One of the main features of Prometheus is alerting. It’s possible to create advanced and universal alerting rules with Prometheus. In this context, universal means to have one alerting rule instead of many. Having many alerting rules is inconvenient and we need to spend a lot of time to create said alerts because not all alerting rules have the same condition or value of the threshold. So how to avoid this process?🤔
Suppose we have several hundred servers that have different resource specifications (like a number of CPU cores) and we need to write alerting rules of the system load for each one. There are two ways to do it:
1. Write rules for each group of instances (or each instance) which have the same count of CPU cores.
2. Write one universal rule which will apply to all instances.
In general, simple alerting rules have a constant threshold value, like the example below which monitors a 1 min average of the server system load. According to the expression, the alert will fire when the returned value is greater than 4 for 3 minutes.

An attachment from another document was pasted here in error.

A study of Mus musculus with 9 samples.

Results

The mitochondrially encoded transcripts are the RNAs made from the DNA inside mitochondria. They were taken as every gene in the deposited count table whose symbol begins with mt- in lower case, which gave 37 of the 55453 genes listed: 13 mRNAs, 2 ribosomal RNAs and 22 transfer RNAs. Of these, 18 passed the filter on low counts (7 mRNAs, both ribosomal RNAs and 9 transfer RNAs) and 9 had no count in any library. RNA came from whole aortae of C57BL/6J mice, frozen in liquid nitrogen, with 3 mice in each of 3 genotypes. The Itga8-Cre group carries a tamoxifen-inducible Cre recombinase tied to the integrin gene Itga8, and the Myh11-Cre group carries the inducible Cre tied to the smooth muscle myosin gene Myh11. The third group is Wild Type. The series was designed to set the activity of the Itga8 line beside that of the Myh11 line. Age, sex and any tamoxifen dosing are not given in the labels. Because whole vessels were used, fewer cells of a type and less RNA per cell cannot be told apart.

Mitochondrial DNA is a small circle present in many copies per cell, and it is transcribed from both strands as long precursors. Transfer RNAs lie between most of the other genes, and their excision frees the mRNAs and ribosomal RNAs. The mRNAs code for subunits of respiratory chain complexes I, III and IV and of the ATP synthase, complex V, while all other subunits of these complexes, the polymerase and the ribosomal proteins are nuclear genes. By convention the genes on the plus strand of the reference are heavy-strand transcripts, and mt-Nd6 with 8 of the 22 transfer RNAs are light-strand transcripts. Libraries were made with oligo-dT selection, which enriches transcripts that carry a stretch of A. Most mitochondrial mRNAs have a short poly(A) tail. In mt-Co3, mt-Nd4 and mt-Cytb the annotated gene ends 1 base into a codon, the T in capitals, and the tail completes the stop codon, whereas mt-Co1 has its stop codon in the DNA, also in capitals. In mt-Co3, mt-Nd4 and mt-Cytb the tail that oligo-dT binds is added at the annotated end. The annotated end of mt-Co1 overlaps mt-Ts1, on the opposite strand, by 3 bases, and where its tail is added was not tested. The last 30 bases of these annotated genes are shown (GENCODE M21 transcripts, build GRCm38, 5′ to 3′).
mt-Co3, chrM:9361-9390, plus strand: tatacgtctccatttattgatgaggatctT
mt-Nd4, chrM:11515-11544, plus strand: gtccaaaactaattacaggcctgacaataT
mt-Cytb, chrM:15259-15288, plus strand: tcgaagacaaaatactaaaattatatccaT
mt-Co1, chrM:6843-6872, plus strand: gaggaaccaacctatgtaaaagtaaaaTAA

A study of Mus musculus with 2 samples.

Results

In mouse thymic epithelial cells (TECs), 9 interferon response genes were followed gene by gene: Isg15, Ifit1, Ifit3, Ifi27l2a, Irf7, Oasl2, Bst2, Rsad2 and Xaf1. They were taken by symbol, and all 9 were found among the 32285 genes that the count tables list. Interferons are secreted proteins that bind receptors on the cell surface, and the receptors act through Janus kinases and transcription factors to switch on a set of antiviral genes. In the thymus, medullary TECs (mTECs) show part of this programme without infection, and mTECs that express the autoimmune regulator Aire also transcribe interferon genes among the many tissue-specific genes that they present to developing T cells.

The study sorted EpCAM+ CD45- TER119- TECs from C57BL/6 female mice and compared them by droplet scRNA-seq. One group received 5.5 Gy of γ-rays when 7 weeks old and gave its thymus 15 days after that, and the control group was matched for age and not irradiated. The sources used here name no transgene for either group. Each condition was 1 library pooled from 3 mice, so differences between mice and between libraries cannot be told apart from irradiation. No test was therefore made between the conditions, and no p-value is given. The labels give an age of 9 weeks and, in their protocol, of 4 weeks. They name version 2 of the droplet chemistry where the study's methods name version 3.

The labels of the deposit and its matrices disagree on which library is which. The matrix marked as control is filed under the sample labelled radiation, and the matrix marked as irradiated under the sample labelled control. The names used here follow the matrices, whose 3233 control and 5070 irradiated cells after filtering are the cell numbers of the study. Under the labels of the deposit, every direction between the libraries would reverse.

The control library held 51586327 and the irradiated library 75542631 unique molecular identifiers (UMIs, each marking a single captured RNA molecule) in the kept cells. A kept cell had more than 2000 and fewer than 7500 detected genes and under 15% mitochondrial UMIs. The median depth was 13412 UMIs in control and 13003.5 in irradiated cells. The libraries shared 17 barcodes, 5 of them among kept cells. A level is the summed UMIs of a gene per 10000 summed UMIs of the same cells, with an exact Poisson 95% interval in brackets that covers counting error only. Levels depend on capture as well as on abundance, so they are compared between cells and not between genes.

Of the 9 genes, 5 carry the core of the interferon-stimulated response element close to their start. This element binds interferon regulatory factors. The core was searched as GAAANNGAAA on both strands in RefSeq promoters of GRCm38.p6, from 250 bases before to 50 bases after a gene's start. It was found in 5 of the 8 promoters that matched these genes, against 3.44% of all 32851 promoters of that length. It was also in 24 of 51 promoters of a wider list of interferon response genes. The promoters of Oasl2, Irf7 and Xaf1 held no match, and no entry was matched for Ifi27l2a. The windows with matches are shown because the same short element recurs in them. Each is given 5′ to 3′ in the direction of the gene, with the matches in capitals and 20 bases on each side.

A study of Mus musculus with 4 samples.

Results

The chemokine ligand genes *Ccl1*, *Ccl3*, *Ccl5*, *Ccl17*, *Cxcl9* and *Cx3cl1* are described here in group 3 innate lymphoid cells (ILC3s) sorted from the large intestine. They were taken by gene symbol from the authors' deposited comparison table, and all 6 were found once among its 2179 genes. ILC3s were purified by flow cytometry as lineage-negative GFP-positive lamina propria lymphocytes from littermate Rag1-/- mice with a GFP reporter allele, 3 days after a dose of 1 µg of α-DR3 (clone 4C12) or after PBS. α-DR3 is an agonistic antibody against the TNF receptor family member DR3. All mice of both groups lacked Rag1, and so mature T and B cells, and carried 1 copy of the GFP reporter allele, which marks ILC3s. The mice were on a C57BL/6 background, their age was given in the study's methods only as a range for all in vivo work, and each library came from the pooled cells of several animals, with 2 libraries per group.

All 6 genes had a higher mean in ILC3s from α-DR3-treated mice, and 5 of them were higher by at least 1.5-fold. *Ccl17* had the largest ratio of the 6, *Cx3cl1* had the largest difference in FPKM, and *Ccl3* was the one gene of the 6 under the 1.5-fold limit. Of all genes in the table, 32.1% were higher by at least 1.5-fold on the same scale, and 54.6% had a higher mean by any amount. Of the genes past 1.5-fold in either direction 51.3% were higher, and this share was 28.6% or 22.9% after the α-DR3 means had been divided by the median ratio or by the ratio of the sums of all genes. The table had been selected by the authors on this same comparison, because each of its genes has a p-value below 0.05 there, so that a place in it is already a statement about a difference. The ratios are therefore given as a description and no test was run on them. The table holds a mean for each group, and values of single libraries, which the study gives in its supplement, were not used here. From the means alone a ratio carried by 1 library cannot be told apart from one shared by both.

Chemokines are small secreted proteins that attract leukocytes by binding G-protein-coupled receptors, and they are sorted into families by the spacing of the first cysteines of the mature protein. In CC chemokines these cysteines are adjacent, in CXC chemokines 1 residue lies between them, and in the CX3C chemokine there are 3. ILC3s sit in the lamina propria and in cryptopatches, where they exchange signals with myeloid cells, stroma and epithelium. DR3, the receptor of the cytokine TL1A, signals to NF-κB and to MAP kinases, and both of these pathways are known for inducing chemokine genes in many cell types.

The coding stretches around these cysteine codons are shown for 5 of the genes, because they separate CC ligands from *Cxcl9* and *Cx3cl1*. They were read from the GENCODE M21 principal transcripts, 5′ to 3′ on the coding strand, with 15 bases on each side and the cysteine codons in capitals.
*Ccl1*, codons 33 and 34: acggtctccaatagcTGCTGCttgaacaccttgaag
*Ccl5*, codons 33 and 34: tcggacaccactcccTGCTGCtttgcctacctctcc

Moving in this way, we must create other rules as well, for the instances which have different quantity of CPU cores.
Obviously, the second solution is better, so it’s the main theme of this topic.
To create the universal rule, we need to write two expressions in each part of the inequality, instead of the constant value of the threshold. At first, let’s create a recording rule which will be our “dynamic” threshold variable depending on the count of CPU cores of the appropriate node.
Then we can create our universal alerting rule by using already generated recording rules.
This is an example of the alerting rule which is flexible and can be used for all instances of the nodes. The alert will fire when the system load is more than the count of CPU cores of one or more nodes. You can easily customize and set a rule e.g for the condition of warning severity by multiplying a constant value to the right side of the inequality.
We just covered one use case of alerting rule as an example of server system load. Although this technique can be used in many cases when we create alerting rules with Prometheus.